A blind spot for the climate crisis?
As the UK gears up to go to the polls in December, the BPS shared its own ‘psychological manifesto’, highlighting overarching priorities for government. In it, they state:
‘Any government serious about improving the lives of the public and understanding why intractable social problems persist must ensure that their policies and interventions are based on an in-depth understanding of human behaviour.’
Much of the manifesto is welcome, not least a call for all parties to commit to addressing the underlying determinants of ill-health and inequalities.
As I read through the manifesto, I was intrigued to hear what the BPS would have to say about the climate and ecological crisis – possibly the most ‘intractable social problem’ of all, an issue a number of political parties are calling for as the exclusive focus of a TV debate. Furthermore, as I argued in The Conversation in 2018, we need psychology to help make sense of how and why this problem is intractable – the cognitive, emotional and social processes involved in making sense of and (not) responding to that crisis.
There is nothing. No mention at all. Perhaps a few years ago, prior to the last election, this might have been just about excusable. But today? In the last year or so the climate crisis has become recognised by more and more people as an urgent and unprecedented problem: think of Extinction Rebellion (XR), Greta Thunberg, Green New Deal, school climate strikes, Blue Planet.
Politicians, charities, protestors, and young people are coming out onto the streets. Other professional bodies too. At the beginning of November, the editor-in-chief of one of the world’s most prestigious medical journals, The Lancet, explicitly urged ‘all health professionals to engage in nonviolent social protest to address climate change in the face of government inaction’. We’ve seen doctors, therapists and counsellors and scientists making similar declarations around the world. They are all sharing the same message —the climate crisis requires immediate action.
Why the blind spot in psychology, at least from the professional body that represents us all? Psychological approaches to climate change have tended to focus on individual behaviour change, decision-making processes communicating pro-environmental messages: How do you get people to recycle more? Buy electric cars?
Similarly, in addressing the climate crisis in the US, the American Psychological Association is hardly a standard-bearer for an ambitious response. It is happy to position psychological expertise as a resource to be tapped by organisations and policymakers keen to ‘help people adapt to a warming world’. As the APA call to climate action states, ‘we’re the experts on individual behaviour, we know about messaging and how to create interventions’. The BPS manifesto similarly emphasises the ‘power of evidence-based behaviour change interventions’, though not in relation to the climate crisis.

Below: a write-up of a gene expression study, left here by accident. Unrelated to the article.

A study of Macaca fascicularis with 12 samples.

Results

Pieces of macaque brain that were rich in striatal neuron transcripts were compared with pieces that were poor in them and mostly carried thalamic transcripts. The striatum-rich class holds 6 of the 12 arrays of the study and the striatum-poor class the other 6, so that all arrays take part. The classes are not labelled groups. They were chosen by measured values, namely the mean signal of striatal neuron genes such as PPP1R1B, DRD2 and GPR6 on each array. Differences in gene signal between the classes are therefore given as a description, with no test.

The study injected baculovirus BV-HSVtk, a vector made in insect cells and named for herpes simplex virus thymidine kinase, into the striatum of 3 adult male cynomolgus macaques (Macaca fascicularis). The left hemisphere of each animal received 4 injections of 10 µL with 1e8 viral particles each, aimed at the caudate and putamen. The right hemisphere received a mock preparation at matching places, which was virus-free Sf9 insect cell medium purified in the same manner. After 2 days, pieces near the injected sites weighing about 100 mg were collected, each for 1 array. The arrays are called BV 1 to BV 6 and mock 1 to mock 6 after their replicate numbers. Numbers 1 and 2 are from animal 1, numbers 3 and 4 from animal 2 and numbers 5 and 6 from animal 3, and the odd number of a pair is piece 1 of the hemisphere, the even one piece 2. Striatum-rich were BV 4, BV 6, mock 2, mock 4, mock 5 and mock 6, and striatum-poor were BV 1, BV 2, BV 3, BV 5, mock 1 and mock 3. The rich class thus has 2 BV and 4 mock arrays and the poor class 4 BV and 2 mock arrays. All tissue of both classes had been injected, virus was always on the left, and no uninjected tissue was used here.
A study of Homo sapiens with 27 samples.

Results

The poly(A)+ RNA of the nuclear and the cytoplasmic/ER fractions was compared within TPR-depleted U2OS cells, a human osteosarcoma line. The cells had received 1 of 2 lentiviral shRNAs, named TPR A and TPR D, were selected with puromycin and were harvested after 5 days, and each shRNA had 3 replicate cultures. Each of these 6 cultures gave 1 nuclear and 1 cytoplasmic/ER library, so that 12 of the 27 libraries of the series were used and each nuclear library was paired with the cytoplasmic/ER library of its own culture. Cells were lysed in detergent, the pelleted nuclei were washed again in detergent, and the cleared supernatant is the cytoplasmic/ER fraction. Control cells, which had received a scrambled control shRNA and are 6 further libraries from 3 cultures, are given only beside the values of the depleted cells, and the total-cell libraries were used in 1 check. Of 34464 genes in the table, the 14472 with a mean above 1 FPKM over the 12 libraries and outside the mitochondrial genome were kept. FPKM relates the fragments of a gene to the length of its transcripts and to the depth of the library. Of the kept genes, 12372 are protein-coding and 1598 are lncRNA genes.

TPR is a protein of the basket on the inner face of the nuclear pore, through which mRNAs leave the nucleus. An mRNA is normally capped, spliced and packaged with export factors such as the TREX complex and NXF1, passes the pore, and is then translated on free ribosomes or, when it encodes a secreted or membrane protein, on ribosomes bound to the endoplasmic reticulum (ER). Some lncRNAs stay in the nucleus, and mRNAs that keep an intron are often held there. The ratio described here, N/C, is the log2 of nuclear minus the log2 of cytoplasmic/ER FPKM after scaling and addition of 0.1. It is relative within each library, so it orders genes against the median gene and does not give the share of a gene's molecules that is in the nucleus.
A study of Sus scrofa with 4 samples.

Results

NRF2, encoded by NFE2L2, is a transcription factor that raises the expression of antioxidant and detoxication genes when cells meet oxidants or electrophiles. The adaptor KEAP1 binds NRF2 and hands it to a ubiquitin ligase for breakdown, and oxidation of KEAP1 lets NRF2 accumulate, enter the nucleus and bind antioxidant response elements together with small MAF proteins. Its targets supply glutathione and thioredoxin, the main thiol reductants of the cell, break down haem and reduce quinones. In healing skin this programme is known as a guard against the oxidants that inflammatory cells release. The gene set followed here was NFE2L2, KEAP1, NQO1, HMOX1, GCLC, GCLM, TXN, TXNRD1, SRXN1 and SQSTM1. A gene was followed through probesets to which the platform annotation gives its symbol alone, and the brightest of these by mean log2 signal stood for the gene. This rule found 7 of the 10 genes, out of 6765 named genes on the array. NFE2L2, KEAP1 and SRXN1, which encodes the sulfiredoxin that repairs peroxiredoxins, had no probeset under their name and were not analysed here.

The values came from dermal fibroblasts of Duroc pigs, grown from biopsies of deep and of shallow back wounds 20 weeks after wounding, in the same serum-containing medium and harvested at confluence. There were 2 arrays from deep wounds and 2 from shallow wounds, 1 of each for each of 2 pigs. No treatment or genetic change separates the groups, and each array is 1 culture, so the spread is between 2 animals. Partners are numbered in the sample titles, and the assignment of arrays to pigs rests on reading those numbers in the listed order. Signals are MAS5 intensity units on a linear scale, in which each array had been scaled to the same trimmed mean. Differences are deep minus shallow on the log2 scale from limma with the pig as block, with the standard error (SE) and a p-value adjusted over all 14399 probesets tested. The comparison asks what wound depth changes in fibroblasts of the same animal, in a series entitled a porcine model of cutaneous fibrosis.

The problem for a discipline in thrall to tinkering with individual behaviour change is that it completely misses the bigger picture. The wider social, political and cultural processes and alliances that perpetuate the ‘intractable social problem’ of climate crisis doesn’t enter the picture, in fact, remarkably, the climate crisis is ignored entirely.
Thankfully, many psychologists are increasingly addressing the climate crisis, its psychological and health impacts, and the denial and defence mechanisms involved in coming to terms with it. What we need to see from our official bodies is more leadership and less platitudes. As XR have so provocatively reminded us, the first step is to tell the truth and declare a climate crisis. The next step is to adopt a more ambitious and radical agenda. Informing behaviour-change interventions is not going to cut it. Individual action matters, enormously, but right at the top of the list of significant behaviours is coming together and demanding a collective response from governments and policymakers for the benefit of all. Psychology should be examining the massive impacts of climate change in terms of ill health and distress, but also finding ways to facilitate social support, activism, and the fostering of hope.
But to begin, if UK psychology’s professional body really wants to intervene in politics, and it should, it needs to get its act together and join with doctors, scientists, educationalists and young people across the globe in making it an urgent priority to call out continued governmental inaction over the climate and ecological crisis, and yes, encourage mass civil disobedience.
University of Brighton
Editor’s note: See this month’s column from Chief Executive Sarb Bajwa, in ‘News’, for the Society’s position on the climate crisis. See also our online collection ‘Action on climate change’ for more on the role of psychology and psychologists in tackling climate change.